Lives Are at Risk During Flu Season
People who forego their annual flu shot often believe that the worst thing that might happen is they’ll feel terrible for a few days and possibly miss some work.
In reality, anyone of any age can experience severe complications of the flu, which can be deadly.
“The headlines say that the very young and very old are at greatest risk,” said Ryan Murphy, younger brother of Kieron Murphy, who died last December of flu complications at age 40. “But Kier was a prime example of someone who was in the middle of his life and healthy.”
“He was the most fit he had ever been in his life, and we had run some 5Ks together,” said Kier’s older brother, Rich Murphy. Kier loved working out with the basketball and football players at West Central High School, where he was a guidance counselor.
Last year, two days before Christmas, Kier became ill with the flu and it soon became severe, causing dehydration and a racing heartbeat. He passed away around 6 a.m. on Dec. 27. “They believe that the virus had weakened his heart,” Ryan said.
Getting the word out
This year, Rich posted a message on Facebook to remind friends and family to get their flu shot. “It has become my mission to tell people to get the flu shot and clear up misconceptions – like getting the flu shot causes the flu,” Rich said.
“It’s frustrating to hear someone say they won’t get the shot because they hate needles. It’s such a simple thing. A quick shot in the arm not only can prevent you from getting sick, but also the possibility of losing your life,” Rich said.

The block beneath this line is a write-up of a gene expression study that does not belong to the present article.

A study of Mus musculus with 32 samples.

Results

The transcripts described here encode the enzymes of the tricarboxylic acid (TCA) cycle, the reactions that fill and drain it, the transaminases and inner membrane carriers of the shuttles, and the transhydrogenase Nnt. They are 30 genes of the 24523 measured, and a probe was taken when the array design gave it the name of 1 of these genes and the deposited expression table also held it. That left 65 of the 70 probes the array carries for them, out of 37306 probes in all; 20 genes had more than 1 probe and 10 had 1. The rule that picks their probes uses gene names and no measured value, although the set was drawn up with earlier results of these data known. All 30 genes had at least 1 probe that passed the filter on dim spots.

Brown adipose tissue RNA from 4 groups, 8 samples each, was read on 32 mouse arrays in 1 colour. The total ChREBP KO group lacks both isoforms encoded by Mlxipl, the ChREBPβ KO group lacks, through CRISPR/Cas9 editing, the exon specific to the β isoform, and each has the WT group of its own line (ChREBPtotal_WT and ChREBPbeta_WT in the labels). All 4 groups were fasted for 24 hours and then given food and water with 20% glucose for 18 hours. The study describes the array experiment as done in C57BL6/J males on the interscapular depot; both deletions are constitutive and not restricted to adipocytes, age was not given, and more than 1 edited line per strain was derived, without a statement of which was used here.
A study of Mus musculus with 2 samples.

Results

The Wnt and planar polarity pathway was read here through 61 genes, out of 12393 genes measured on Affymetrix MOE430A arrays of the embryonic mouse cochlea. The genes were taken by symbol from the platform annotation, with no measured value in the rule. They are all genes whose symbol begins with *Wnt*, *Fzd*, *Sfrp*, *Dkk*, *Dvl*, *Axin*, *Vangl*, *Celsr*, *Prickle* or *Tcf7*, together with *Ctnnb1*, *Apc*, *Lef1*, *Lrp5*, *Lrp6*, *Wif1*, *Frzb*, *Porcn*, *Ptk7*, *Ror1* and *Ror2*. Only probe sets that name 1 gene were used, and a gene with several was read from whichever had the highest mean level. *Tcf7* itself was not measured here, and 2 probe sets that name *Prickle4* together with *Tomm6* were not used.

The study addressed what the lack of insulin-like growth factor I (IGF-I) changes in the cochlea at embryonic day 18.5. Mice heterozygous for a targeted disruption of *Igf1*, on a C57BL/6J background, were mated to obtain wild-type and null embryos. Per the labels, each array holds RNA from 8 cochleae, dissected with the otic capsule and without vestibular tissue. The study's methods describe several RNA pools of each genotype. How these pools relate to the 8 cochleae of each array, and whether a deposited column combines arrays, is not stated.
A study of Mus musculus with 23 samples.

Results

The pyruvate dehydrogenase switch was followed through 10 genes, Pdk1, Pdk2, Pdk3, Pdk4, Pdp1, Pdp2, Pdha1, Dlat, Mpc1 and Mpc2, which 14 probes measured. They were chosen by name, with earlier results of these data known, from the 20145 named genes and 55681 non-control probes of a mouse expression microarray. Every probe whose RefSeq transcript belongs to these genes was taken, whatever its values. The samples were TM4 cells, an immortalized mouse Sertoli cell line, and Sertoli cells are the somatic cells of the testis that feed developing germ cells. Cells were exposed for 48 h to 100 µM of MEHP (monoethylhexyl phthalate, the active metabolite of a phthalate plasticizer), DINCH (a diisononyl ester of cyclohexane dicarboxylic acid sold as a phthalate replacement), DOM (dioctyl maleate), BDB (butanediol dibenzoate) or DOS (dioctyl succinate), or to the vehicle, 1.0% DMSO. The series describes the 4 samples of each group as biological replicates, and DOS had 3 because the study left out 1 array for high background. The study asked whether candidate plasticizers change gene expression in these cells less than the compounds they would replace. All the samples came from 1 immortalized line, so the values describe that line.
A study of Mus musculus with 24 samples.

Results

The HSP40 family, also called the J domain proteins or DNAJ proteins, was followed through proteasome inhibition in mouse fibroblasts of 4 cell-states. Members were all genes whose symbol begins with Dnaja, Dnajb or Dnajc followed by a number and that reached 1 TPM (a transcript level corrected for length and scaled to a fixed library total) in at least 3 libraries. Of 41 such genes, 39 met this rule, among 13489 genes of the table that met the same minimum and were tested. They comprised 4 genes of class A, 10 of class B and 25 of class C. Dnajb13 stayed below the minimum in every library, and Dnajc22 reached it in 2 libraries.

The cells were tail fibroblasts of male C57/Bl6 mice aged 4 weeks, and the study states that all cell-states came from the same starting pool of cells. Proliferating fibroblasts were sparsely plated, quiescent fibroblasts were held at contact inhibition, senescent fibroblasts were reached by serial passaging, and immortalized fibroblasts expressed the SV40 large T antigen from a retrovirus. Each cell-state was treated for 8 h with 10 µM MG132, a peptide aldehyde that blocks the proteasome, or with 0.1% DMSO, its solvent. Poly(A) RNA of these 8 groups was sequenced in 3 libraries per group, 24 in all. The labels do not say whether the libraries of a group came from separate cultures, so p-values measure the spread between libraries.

The risk of getting the flu from the flu shot is unfounded myth, agreed Avera infectious disease specialist, Jawad Nazir, MD. “I’ve never seen a bad reaction to the flu shot. The most reaction people might experience is some minor pain at the injection site, mild body aches or malaise,” Nazir said.
Now is the time to get vaccinated, so you’ll be protected during the holiday season when the illness often spreads faster as people spend more time indoors and gather for celebrations. It takes about two weeks after the shot to develop immunity.
Vaccines improve every year
“The vaccines are improving every year,” Nazir said. This year, there are some more options, including the quadrivalent vaccine which covers two subtypes of influenza B, as well as Flublok, an antibiotics-free, latex-free, egg-free flu vaccine.
There’s also a high-dose vaccine with more antibodies for people over age 65, because the immune system weakens with age. A study published in the New England Journal of Medicine indicated that the high-dose vaccine was 24.2 percent more effective in preventing flu in adults 65 years of age.
“In theory, the quadrivalent would be preferable because it covers more strains. But get whatever’s available,” Nazir advised. “Getting vaccinated is what’s most important.”
Dangerous complications of the flu can include pneumonia and sepsis, Nazir said. “The elderly and people with chronic conditions like COPD or diabetes are at highest risk. But anyone can have severe complications.”
If you share a home with an infant or elderly person, you’re also putting them at higher risk if you don’t get vaccinated.
Kier Murphy had planned on getting a flu shot last year, his brothers said. “He had taken his kids in to clinic to get theirs, but they were out of adult doses that day,” Rich said. “Like so many others would have done, he didn’t go back in time.”
“We can’t say 100 percent that this wouldn’t have happened, but there’s a much greater chance he would still be with us,” Ryan said. “That’s the takeaway – that something as simple as a flu shot can avoid a tragedy like our family has been through.”